Thomas Schultz, pianist,
in recital at Weill Hall
June 3, 2005
Although they made the ten minute walk from my apartment to Carnegie Hall a misery, the rain showers that broke out about an hour before concert time failed to dampen the attendance at Thomas Schultz's Weill Hall piano recital. That was a lucky thing, for those who attended - and it was a very full house - got to hear a real musician working at the top of his form.
Mr. Schultz is an experienced veteran of the concert stage. Although I had never had the opportunity to hear him before, his name was familiar to me as one of the leading pianists in the new music field. This gave me a momentary pang when I saw that the program was to include music by Schubert and Liszt beside the works of Frederic Rzewski with whom Schultz has been closely associated and Karlheinz Stockhausen whose work, generally, I would do almost anything to avoid. As it turned out, a gorgeous reading of the "Wanderer" Fantasy was the highlight of the evening, but more about that later.
The program opened with two of Rzewski's Four Pieces for Piano, written in 1977 for another pianist who specializes in contemporary work, Ursula Oppens. The first slowly wandering unisons, spaced differently and in different registers, made clear to this listener that a truly sensitive ear for sound quality and color was at work here. This initial impression was thoroughly borne out by Mr.Schultz's playing throughout the evening - he has what, to me, is the most important asset of any pianist, an individual sound which is clearly under his control. He also uses it with great taste and intelligence. Frederic Rzewski himself is a fine pianist with a big technique, and his piano music does not make any concessions to amateurs. Not surprisingly given his reputation, Schultz proved thoroughly up to the task and made a convincing case for these two pure piano pieces - I say "pure" to make clear that while they call for all the standard piano technique including some delicately dangerous middle-pedal sonic effects, they do not, as Rzewski's music sometimes does, demand that the performer sing, shout or wave his arms around like a maniac. This, I think, is a good thing.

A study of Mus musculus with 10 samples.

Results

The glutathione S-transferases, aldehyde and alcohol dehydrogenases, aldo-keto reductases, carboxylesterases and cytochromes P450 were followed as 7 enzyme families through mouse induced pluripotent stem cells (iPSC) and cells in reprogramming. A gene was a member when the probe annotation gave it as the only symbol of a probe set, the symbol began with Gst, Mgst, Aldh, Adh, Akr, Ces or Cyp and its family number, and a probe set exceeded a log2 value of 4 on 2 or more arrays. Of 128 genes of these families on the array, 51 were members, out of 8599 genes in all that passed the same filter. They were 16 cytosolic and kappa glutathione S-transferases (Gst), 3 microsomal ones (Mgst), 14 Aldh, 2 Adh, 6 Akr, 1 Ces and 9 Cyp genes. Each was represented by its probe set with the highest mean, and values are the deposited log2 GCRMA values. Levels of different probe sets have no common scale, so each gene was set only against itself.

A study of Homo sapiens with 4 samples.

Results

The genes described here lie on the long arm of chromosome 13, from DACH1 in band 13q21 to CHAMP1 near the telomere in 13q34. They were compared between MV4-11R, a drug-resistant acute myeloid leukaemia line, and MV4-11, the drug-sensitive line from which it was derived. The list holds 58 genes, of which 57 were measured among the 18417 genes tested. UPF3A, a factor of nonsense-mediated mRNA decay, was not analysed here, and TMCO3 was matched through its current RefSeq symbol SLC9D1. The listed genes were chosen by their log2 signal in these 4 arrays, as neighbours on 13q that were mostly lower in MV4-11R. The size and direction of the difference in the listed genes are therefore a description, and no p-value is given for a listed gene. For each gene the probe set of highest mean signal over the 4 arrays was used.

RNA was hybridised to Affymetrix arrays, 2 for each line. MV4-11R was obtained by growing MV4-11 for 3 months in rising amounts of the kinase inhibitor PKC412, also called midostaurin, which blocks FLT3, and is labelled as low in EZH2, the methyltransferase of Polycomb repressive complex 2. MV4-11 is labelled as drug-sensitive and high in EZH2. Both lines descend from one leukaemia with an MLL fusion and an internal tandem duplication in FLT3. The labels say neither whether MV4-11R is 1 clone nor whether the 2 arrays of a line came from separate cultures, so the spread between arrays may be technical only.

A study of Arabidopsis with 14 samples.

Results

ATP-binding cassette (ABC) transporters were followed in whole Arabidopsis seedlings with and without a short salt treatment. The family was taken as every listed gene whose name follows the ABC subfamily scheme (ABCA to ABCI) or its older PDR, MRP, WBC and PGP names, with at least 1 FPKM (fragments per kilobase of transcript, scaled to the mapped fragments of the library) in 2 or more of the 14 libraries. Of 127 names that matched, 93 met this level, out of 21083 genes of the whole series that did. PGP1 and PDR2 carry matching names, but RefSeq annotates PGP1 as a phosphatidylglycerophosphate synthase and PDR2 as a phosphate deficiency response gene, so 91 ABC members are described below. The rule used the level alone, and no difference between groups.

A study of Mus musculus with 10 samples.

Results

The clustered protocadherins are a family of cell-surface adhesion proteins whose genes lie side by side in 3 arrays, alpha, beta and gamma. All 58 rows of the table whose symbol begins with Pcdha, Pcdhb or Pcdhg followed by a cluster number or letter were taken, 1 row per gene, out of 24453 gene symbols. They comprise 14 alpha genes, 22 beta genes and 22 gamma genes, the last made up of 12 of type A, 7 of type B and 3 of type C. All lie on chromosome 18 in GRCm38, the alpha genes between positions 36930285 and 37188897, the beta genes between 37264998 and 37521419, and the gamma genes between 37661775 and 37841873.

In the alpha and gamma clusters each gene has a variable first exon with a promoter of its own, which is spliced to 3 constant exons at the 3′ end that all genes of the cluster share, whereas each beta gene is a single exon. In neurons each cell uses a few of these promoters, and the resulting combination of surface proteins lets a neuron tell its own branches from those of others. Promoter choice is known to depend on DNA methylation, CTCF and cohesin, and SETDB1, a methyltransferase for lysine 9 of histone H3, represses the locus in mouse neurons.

Now, about that "Wanderer" Fantasy - this was a deliberately paced, careful reading, not the virtuoso romp usually heard from better known, and generally younger artists. There is reason behind this. Mr. Schultz chooses tempi which allow him to play cleanly, but more importantly, to show to his listeners that intricate combination of details - harmonic and thematic material, modulations and articulations - which carry the real content of this piece in such a vivid way that the audience is hooked. The man who gave this performance has both a deep understanding of Schubert's music and the ability to communicate it. That is rare.....and glorious.
Stockhausen's Klavierstucke IX opened the second half of the program. I am tempted to write the less said about it the better and leave it at that, but having had Mr. Schultz's genuinely communicative and committed playing so convincingly demonstrated to me in the first half of the program, I really felt a responsibility to buckle down and try to "get" this piece. Alas, it didn't work. It all sounded pretty random to me and I can only say, in the spirit of full disclosure, that I don't like carrots or deKooning either.
Wrapping up the evening's program were three Liszt pieces, two from the last years of his life, and the earlier, hyper-famous and wildly extrovert Mephisto Waltz No. 1, a staple of piano recitals of all kinds since it was written. Of the two late works, Nuages Gris from 1881 is the more familiar. Both it and its companion piece Resignazione of 1877 are spare and simple in the technical sense having been written long after Liszt retired from the concert stage. No longer interested in virtuoso display, and writing in a style eerily prescient of the early 1900s though he would not live to see the new century himself, it is said that Liszt advised his students not to play these pieces for fear of damaging their careers. Listening to Mr. Schultz traverse this bleak terrain one was moved by the emotional impact carried by these tiny pieces. Liszt, the old conjurer, still had the goods.
Goods of a different kind were on display as the ubiquitous Mephisto Waltz No. 1 closed the recital. The tempi were perhaps a bit careful, and one never had the sense that he really let the devil loose, but there were a minimum of fluffed notes and always, always that gorgeous sound and beautifully balanced voicing. Not a performance to make the hair stand up but a very satisfying one, and one in which the music - and there's some awfully good music in there - came first. Thomas Schultz is very often an excellent pianist, but much better than that, he is never less than an excellent musician.